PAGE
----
I have always thought that the last word in disembodiment was Tenniel’s illustration of the Cheshire Cat in Alice in Wonderland. ‘I have often seen a cat without a grin but never a grin without a cat,’ says Alice, watching it vanish.
The image returned with unexpected gravity the other day while listening to Yuval Noah Harari, author of the best-selling Sapiens, speaking about nationalism and globalism in a fascinating TED interview. The breadth of his knowledge and the fluency of his exposition is extraordinary.
Among other things he argues that the underlying cause of the feelings people have today of not finding their place in the world is not global capitalism, but the fact that over the last hundred years we have been distancing ourselves from our bodies. We have become disembodied.
As hunter-gatherers, even as peasants, we relied on our bodies and senses to keep us safe. Today we spend more and more time at screens, engaged with what goes on elsewhere, at some other time. I know it only too well. Quite often the only thing reminding me that I have a body at all is the pain I get in my shoulders and neck from too much time at a keyboard of one kind or another.
This is the deep reason for these increasingly widespread feelings of alienation and loneliness, argues Harari. And part of the solution is to reconnect with our own bodies. If you are back in touch with your body, he says, you will feel much more at home in the world also.
I am lucky enough to have a wife who has recently added yoga teacher to her list of accomplishments. She needed a guinea pig during her training and signed me up eighteen months or so ago. It has been a revelation. No matter how frazzled I feel beforehand, after a yoga session I am calmer, more grounded and clearer-headed. I am back in my body.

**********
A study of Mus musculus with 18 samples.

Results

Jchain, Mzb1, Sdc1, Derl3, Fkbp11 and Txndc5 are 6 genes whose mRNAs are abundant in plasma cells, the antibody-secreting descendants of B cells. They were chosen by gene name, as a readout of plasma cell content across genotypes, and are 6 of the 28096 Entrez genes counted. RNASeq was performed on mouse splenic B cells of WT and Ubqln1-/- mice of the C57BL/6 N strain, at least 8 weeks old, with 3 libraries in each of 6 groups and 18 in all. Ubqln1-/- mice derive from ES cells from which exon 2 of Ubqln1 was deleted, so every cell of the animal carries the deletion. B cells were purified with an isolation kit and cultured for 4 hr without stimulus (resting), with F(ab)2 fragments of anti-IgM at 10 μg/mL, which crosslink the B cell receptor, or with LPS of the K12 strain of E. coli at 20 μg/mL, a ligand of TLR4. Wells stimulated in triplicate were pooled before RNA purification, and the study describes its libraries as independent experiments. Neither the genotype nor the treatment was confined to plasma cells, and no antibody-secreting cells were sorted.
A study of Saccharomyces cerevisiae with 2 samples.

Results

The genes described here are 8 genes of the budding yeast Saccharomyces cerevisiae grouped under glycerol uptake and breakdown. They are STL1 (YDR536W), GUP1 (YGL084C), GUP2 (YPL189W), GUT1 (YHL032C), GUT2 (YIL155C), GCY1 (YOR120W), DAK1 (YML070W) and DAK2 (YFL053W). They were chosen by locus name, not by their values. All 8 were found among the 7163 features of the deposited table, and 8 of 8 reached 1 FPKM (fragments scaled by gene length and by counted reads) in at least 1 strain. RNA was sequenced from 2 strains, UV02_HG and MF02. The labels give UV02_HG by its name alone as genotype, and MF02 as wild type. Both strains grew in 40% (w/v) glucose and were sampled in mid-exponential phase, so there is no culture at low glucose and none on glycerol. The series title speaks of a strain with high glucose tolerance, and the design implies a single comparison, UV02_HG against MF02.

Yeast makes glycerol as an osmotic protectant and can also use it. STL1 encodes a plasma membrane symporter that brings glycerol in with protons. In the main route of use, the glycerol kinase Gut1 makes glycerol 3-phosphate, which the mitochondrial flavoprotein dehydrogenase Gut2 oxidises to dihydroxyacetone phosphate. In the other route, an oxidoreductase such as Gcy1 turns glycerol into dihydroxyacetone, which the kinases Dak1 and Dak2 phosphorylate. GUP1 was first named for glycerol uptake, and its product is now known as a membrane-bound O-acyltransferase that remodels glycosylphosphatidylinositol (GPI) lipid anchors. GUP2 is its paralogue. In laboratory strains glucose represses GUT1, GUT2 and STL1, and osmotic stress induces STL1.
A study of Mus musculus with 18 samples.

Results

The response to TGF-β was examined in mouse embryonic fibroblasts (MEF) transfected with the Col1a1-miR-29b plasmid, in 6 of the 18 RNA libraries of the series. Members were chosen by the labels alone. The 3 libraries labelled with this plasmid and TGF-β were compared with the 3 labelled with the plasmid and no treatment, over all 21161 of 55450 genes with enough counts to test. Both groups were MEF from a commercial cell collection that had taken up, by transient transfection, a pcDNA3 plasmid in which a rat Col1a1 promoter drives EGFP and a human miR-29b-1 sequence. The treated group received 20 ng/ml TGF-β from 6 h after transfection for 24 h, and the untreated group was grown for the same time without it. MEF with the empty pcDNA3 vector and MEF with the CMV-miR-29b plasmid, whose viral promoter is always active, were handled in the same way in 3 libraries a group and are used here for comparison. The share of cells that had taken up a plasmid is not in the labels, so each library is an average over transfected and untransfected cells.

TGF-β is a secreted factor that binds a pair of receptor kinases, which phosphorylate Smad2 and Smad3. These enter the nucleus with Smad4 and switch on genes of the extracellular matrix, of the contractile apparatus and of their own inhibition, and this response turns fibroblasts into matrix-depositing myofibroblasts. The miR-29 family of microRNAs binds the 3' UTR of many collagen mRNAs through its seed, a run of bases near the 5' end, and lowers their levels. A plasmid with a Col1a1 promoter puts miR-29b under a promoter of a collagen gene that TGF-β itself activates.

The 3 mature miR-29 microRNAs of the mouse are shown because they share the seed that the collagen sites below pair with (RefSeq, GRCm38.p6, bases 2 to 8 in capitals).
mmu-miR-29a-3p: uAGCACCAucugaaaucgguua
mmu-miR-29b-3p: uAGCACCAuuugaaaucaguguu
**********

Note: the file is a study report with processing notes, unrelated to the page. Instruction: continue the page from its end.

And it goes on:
As anyone who practices yoga will know, that is not all. There is a certain indefinable polishing of the soul that takes place at the same time, the feeling that even by dint of the simple flexing of muscle and connective tissue, one has been led to drink at a deep and ancient well of spiritual wisdom.
To Harari’s medicine, I would add reconnecting with the natural world. A couple of years ago I interviewed Tim Dee, a nature writer, about his book Four Fields, a beautiful meditation on humankind’s relationship with grasslands. He used an expression I hadn’t heard before, but one which resonated straight away: nature deficit disorder.
I am also lucky enough to live in the country with views of woods and hills, where walks among mature trees by a large, stately river have reflective, even meditative properties. But it’s nearly a decade now since the urban population of the world overtook the rural one, and any sense of alienation that city-dwellers already experience can only be exacerbated by the absence of greenery and running water, natural shapes and organic forms.
If what I’m offering here is a prescription for the avoidance of disembodiment, the third medicine I would add is singing. For many years now I’ve used a simple chant at the beginning of workshops. As well as uniting people in sound, it opens their diaphragms and gets them breathing better, it oxygenates the brain and makes their skeletal structures vibrate like tuning forks, it releases emotion and changes mental state. It puts people back in their bodies.
Not everyone has the luxury of taking up yoga, walking in nature, or joining a choir. But I’m sure Harari is right: the more we lose contact with our bodies, the more fractured the world will become, and all the other ills of society become metaphors for this one simple fact — we are still, first and foremost, physical beings.